GOLDEN, Colo., Sept. 27, 2012 – Researchers at Colorado School of Mines have been awarded part of a four-year $1.5 million NSF Water Sustainability and Climate program grant to investigate urban ecosystems and water management in the city of Los Angeles.
The project at Mines is headed by Associate Professor Terri Hogue, from the Civil and Environmental Engineering Department, and is a collaboration with Diane Pataki, the study’s principal investigator from the University of Utah, and Stephanie Pincetl from the University of California, Los Angeles.
The goal of this new NSF project will be to understand the coupled eco-hydrologic and decision making processes that determine the availability of local water resources in southern California. Ultimately, results will help western cities optimize local ecosystems and the long-term sustainability of urban water supplies.
Like many cities in the western U.S., Los Angeles relies on extensive, centralized redistribution projects for its water supply. Water is transported hundreds of kilometers to support agricultural and urban activities in southern California; however, allocations from remote sources have been declining due to drought, over-extractions, and competing water needs.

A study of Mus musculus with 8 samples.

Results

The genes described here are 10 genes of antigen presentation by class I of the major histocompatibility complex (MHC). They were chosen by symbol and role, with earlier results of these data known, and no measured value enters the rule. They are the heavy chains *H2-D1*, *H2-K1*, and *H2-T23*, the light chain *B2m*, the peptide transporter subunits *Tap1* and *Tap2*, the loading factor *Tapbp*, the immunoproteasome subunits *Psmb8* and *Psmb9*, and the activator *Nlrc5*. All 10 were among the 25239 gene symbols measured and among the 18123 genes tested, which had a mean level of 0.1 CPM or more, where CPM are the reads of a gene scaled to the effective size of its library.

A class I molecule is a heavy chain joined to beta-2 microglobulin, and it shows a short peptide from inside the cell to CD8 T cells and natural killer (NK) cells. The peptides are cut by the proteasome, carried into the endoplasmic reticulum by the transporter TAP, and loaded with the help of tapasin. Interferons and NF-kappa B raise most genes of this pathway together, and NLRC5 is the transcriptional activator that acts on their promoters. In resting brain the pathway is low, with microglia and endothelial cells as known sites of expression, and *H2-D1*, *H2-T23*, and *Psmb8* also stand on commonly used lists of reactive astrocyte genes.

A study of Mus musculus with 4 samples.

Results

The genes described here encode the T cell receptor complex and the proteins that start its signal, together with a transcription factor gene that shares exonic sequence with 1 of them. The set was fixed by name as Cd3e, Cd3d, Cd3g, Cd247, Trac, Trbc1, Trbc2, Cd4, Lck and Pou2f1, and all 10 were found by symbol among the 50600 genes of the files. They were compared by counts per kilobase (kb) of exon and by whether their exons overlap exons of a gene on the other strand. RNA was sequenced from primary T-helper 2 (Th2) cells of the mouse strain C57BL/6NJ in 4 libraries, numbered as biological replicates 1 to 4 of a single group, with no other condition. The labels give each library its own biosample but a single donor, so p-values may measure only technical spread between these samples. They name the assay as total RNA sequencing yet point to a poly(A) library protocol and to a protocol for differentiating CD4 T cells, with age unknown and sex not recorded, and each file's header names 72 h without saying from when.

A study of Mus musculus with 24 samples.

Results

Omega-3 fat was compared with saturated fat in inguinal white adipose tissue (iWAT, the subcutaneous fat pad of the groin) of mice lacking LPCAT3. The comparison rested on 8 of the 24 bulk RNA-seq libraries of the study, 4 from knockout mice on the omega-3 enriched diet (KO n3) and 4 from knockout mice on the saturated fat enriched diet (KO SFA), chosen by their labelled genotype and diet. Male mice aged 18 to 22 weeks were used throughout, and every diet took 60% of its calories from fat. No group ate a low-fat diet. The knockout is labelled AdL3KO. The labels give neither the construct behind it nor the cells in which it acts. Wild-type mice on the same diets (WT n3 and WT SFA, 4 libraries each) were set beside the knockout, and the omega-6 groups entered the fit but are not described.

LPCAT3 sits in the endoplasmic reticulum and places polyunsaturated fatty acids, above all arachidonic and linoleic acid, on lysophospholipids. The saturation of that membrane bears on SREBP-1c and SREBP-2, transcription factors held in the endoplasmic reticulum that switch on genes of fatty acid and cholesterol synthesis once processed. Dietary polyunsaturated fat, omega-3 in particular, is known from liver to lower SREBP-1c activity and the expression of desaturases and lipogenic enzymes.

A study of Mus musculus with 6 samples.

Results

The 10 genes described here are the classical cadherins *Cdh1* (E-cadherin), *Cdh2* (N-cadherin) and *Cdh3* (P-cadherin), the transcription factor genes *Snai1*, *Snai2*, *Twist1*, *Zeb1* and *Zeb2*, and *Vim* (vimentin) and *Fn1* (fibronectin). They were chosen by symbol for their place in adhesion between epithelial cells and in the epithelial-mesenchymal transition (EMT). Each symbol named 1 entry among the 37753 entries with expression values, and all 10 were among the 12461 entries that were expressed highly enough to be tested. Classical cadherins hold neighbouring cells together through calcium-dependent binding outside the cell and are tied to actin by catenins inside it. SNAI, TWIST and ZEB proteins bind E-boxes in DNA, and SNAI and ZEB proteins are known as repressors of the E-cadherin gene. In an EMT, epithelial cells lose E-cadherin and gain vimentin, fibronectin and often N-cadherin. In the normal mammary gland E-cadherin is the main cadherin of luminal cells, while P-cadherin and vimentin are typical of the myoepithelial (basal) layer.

Increasingly, local governments and water districts are committing to increased reliance on local water sources within the southern California region including local groundwater, rainwater capture, conservation measures, and recycled water sources. Resources in Los Angeles are managed by a complex set of agencies and water districts with different structures, histories, and priorities, but which often access similar water resources.
This is the second NSF WSC grant awarded to Mines. Learn about Reed Maxwell's $3 million grant to research the impact of the pine beetle devastation on water resources in the west.
For more information about the $27 million in grants through the Water Sustainability and Climate program, see the NSF website.